Without reinventing wheel, I've consolidated two posts from http://www.silverdoctors.com/ which summarize the new rules into the pdf below. I've slightly edited the original content and I've placed the key points in bold. I just want to say that the new rules leave A LOT of room for loophole behavior and "exemptions." I believe that those who are optimistic that this will sharply curtail JP Morgan's illegal manipulation of the silver market are placing entirely too much faith in our Government and in those who are in charge of enforcing the rules and laws already in place.
Einstein defined "insanity" as doing the same thing over and over and expecting a different result. To believe that the CFTC will do the right thing with regard to defining "swaps," and "position limits" and in granting "exemptions" is to once again repeat the mistake of placing faith in our Government - and is therefore insane.
Here's Silverdoctors' excellent synthesis of the "fine print" on the new rules:
Even if Bart Chilton has the right intentions, I refuse to believe that one man will be able prevent the banks from exploiting the areas of the rule that are open to interpretation and subject to the judgement of those in charge of enforcing the rules. That notwithstanding. I fully expect the big banks to spend a lot of money challenging these rules in court. That notwithstanding, just like every other instance in the financial markets legislative history of this country, I fully expect that the big banks will figure out several ways to get around these rules. After all, I worked for a bank that had figured out a way to get around Glass-Steagall and had already been operating a securities underwriting and trading unit many years before G-S was repealed. The ability to do so was part of an "exemption."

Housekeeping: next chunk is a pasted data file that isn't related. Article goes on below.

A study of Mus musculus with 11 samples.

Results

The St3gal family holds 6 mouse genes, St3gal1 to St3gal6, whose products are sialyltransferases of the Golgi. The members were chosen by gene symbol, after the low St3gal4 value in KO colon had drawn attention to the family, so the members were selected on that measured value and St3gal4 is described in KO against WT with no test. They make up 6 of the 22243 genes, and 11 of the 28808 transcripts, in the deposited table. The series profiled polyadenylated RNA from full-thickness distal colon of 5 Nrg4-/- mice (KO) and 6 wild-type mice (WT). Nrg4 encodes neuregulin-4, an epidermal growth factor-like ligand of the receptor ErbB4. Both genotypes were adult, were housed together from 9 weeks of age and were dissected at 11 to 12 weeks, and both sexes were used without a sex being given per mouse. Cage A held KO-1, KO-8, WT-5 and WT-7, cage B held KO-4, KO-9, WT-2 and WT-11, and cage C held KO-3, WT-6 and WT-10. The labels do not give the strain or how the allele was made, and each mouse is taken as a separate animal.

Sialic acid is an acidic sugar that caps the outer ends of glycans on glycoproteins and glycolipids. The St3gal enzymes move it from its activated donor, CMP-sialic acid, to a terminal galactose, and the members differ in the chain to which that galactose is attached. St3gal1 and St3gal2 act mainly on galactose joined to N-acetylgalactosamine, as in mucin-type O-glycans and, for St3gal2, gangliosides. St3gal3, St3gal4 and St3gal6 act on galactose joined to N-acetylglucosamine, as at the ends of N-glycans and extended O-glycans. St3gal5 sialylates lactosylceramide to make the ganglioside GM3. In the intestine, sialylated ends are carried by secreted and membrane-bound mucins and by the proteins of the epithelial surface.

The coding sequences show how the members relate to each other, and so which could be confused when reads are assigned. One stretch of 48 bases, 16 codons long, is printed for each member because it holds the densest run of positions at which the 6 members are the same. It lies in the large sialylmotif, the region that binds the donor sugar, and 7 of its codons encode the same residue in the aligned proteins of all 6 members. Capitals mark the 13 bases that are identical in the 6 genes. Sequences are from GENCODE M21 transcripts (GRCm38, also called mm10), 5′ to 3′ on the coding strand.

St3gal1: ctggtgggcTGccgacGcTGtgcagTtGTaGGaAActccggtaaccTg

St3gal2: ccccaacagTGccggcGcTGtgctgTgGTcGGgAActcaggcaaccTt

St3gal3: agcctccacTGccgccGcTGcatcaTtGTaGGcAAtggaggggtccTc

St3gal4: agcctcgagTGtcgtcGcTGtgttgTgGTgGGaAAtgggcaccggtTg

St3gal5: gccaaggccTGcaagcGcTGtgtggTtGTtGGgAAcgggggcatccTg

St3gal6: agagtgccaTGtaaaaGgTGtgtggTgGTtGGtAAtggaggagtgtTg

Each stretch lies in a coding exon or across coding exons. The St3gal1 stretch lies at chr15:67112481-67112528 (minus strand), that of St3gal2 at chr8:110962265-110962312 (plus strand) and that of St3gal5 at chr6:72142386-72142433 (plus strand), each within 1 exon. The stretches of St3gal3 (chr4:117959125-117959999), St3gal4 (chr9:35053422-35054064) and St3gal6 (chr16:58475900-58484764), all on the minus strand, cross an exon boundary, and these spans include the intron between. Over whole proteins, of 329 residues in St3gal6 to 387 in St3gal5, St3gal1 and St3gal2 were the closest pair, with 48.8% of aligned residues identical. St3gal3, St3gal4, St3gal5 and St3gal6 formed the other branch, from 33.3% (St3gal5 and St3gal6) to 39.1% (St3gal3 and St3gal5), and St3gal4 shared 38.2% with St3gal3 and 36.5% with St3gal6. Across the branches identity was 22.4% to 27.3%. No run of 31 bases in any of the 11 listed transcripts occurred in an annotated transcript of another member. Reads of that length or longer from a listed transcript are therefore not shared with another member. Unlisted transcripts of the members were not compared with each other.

As I mentioned earlier, ultimately the market will determine the price at which gold and silver should trade. The ticking time bomb for the paper market manipulators is the accelerating accumulation of, and demand for, the actual physical delivery of gold and silver. Venezuela is just the latest example of a large gold owner who has decided to stop placing faith in the London and U.S. depositories and is repatriating its gold by moving it back to Venezuela. As this trend accelerates, the paper manipulators will be squeezed out of business. And yes we will eventually see massive defaults by entities like the Comex and GLD.
Of course, by that point in time there will likely be much bigger problems to deal with than the collapse of the Comex derivatives markets...
Have great weekend and don't forget: IT'S TEBOW TIME IN DENVER!!!!